The Kansas primary election debacle has embarrassed the state and will add to voters’ distrust of the electoral system. After Tuesday’s comedy of errors, state officials must act quickly to mop up this mess.
Here’s how: Recount. Recuse. Resign.
Voters in Johnson County reported a series of problems with new voting machines throughout Election Day. Then it took hours to count all the ballots, leaving the state without an unofficial winner in two important races until early Wednesday morning.
“I’m embarrassed for our county,” Johnson County Election Commissioner Ronnie Metsker said. He should be.
That work should begin now. While we’re waiting, though, immediate steps should be taken to ensure transparency to Tuesday’s election, and to reassure voters their ballots were fairly and accurately counted.
Gov. Jeff Colyer should seek a recount of votes cast in the Republican primary for governor, particularly in Johnson County. As of Wednesday, Colyer trailed Secretary of State Kris Kobach by fewer than 200 votes statewide out of roughly 311,000 cast.
More ballots are to be counted in the days ahead. If Colyer moves into the lead, Kobach should ask for a recount.
Because the election is a primary, the campaign requesting a recount must pay the cost as required by Kansas law, unless the losing candidate prevails. Kansans should support either candidate if he seeks funds for another tally of the votes in any county — or all of them.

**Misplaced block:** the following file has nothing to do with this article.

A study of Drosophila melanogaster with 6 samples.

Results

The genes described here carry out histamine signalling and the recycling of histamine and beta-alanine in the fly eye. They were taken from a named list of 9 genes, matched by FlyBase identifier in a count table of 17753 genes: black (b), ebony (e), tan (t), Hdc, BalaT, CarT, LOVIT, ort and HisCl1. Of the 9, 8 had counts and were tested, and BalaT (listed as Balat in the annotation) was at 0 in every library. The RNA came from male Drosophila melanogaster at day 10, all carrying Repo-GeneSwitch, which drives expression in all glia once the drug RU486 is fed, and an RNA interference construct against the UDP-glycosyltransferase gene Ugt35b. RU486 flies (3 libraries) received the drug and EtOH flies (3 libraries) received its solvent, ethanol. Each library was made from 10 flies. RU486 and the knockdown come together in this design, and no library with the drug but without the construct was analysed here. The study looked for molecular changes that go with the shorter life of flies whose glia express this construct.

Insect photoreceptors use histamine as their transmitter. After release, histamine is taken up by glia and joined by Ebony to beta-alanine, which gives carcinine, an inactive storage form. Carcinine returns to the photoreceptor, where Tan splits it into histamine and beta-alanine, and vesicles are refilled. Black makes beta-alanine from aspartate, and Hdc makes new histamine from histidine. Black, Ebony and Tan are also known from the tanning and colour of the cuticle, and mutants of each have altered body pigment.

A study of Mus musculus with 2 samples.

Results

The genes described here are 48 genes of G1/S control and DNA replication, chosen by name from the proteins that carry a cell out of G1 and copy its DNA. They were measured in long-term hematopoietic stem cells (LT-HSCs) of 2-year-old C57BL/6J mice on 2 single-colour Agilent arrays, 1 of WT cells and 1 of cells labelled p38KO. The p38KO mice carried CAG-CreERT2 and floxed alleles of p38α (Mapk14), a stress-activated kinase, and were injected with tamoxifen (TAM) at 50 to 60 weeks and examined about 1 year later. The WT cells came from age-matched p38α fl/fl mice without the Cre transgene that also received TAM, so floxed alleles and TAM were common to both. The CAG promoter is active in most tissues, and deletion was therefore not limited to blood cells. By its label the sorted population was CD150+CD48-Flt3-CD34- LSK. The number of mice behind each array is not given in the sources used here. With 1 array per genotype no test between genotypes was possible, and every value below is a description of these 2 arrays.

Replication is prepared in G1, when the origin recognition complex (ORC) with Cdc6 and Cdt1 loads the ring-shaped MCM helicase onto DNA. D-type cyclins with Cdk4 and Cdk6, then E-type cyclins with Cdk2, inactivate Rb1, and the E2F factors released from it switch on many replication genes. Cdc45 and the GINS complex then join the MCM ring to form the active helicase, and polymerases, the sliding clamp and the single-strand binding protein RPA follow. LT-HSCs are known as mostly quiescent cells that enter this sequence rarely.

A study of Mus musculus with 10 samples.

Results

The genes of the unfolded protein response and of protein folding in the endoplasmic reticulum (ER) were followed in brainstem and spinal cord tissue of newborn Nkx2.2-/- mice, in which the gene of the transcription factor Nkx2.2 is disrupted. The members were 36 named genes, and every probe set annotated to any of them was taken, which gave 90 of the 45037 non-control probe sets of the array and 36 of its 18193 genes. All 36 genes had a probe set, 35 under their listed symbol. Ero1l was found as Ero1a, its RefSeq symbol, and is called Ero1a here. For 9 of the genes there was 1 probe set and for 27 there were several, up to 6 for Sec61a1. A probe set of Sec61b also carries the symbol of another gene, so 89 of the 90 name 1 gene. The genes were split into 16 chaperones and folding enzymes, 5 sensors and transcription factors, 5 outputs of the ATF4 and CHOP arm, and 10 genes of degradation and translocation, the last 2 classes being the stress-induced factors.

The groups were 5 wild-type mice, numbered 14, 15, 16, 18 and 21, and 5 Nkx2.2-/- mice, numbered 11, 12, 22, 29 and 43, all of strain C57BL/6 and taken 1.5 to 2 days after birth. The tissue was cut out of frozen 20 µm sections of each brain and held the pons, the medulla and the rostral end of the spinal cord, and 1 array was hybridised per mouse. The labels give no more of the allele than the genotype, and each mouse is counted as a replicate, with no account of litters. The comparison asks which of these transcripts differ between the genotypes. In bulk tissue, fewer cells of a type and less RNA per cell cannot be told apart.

If a recount in the race proceeds, Kobach should immediately recuse himself from playing any role in the process.
It isn’t unusual for a secretary of state to oversee an election in which he or she is involved. At this point, though, any perceived involvement by Kobach in a recount could further damage the voters’ confidence in the outcome and faith in the state’s election system.
Naturally, Kobach refused to recuse himself Wednesday — an indefensible decision.
Once any recount is finished, Ronnie Metsker should resign his post in Johnson County.
This is the second major vote-counting problem to plague the office in two years. Johnson County votes weren’t counted until the next day in November 2016. And now, Tuesday’s disaster.
Metsker and others blame the latest problems on issues with new election machines and software. That wasn’t the issue in 2016, though, and similar glitches cropped up. It’s clear Metsker, who was appointed by Kobach, lacks the expertise to run an efficient election.
Incredibly, on Wednesday, he blamed high voter turnout for Tuesday’s catastrophe. High turnout isn’t a problem. It’s the goal. And a big turnout was utterly predictable in a primary that featured rare competitive races for governor and for Congress.
Even more voters will cast ballots in November. Should the state wait for two days, or four, or a week, for those ballots to be counted? No.
Kansas should count the ballots in the governor’s race again. Kris Kobach should step aside from any involvement in that process. And Ronnie Metsker should resign, clearing the way for someone else to run what is clearly a troubled election operation.